Rise in number of women seeking advice on pregnancy discrimination sparks updated guidance
We welcome the news this week that ACAS has updated its guidance for employers on pregnancy and maternity discrimination. The updated guidance follows a reported 10% increase in the number of women contacting the conciliation service for advice about these matters in the last year alone: 14,000 women telephoned ACAS for advice about pregnancy or maternity issues last year.
We know that the statistics about the number of Employment Tribunal claims lodged in this area do not tell the real story about how commonplace this type of discrimination really is.
This is made abundantly clear by the Department for Business, Innovation and Skills and the Equality and Human Rights Commission’s joint research in this area which found that:
- around one in nine mums surveyed said that they were either sacked; singled out for redundancy; or treated so terribly that they felt like they had to leave their job as a result of their pregnancy; and
- one in five mothers said they experienced harassing or otherwise negative comments related to their pregnancy or flexible working from their employer or their colleagues.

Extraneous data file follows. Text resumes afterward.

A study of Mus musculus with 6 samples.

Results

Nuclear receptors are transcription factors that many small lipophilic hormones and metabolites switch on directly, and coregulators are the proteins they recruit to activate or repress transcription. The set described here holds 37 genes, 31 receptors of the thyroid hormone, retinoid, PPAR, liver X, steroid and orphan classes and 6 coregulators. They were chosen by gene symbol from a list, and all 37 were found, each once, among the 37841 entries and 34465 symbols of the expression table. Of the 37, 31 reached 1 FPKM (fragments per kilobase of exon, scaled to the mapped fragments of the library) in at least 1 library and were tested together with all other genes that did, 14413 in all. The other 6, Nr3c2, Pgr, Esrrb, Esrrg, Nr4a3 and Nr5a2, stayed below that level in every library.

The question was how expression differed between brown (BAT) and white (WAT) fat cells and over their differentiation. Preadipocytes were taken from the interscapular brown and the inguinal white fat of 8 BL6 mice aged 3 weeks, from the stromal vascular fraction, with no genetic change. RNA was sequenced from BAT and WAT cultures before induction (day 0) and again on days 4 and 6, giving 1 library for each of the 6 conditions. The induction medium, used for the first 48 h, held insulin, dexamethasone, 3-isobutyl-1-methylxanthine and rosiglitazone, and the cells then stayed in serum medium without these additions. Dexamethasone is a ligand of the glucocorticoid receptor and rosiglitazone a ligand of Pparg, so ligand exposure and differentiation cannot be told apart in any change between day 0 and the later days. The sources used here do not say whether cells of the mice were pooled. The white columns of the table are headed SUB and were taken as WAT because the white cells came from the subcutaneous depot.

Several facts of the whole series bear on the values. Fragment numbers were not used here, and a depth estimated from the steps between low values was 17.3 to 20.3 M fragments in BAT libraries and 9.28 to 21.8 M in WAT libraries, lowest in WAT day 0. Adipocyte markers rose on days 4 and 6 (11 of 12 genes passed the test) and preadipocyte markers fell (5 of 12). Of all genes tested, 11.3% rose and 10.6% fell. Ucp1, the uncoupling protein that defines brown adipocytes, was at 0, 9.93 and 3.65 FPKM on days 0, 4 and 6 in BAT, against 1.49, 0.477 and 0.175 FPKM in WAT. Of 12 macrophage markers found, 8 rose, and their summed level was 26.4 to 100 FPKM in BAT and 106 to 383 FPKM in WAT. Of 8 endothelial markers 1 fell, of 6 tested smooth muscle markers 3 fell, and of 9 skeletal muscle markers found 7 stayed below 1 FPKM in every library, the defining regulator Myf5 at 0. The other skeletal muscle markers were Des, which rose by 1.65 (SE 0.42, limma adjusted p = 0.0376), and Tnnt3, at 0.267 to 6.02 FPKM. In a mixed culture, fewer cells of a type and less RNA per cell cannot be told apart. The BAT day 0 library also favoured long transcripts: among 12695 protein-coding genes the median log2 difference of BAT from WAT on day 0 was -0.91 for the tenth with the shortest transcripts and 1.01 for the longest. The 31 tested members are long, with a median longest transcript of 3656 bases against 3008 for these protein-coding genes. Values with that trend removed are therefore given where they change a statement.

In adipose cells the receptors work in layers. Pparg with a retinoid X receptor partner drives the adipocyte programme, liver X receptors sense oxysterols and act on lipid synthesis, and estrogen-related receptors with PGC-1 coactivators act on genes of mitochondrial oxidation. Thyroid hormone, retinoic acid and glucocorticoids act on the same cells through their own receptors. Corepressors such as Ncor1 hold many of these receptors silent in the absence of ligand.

Women should feel supported by their employer throughout their pregnancy and their return to work, not treated differently because they are having a baby.
We hope that the updated ACAS guidance along with the scrapping of Employment Tribunal fees will encourage women who are treated unfairly when pregnant, on maternity leave or returning to work to speak up so that businesses know poor treatment of pregnant staff and maternity returners will not be tolerated.
Employers place a lot of emphasis of having “family friendly” policies but we know that what really matters is how these policies are used in practice. Having policies that welcome flexible working requests is all very well but pretty irrelevant for the employee on maternity leave being warned that her job might significantly change if she goes part-time.
Time and time again, we also here from our clients the story of communication breaking down between them and their employer during their maternity leave; once valued employees can be left feeling forgotten, in some instances replaced, and in any event very much out of the loop.
This is why training line managers on how pregnant members of staff should be supported throughout their pregnancy, maternity leave and return to work is vital. Lines of communication must remain open. Employees should start their maternity leave knowing when and how they will be contacted by their employer.
Additionally, more can and should be done to support women who face pregnancy and maternity discrimination in the workplace, including improving their access to information and advice to ensure every pregnant woman is aware of their rights and their employer’s obligations towards them. Here in Scotland, surely this information can and should be provided as part of the baby box? We would love to hear the Scottish Government’s view on this.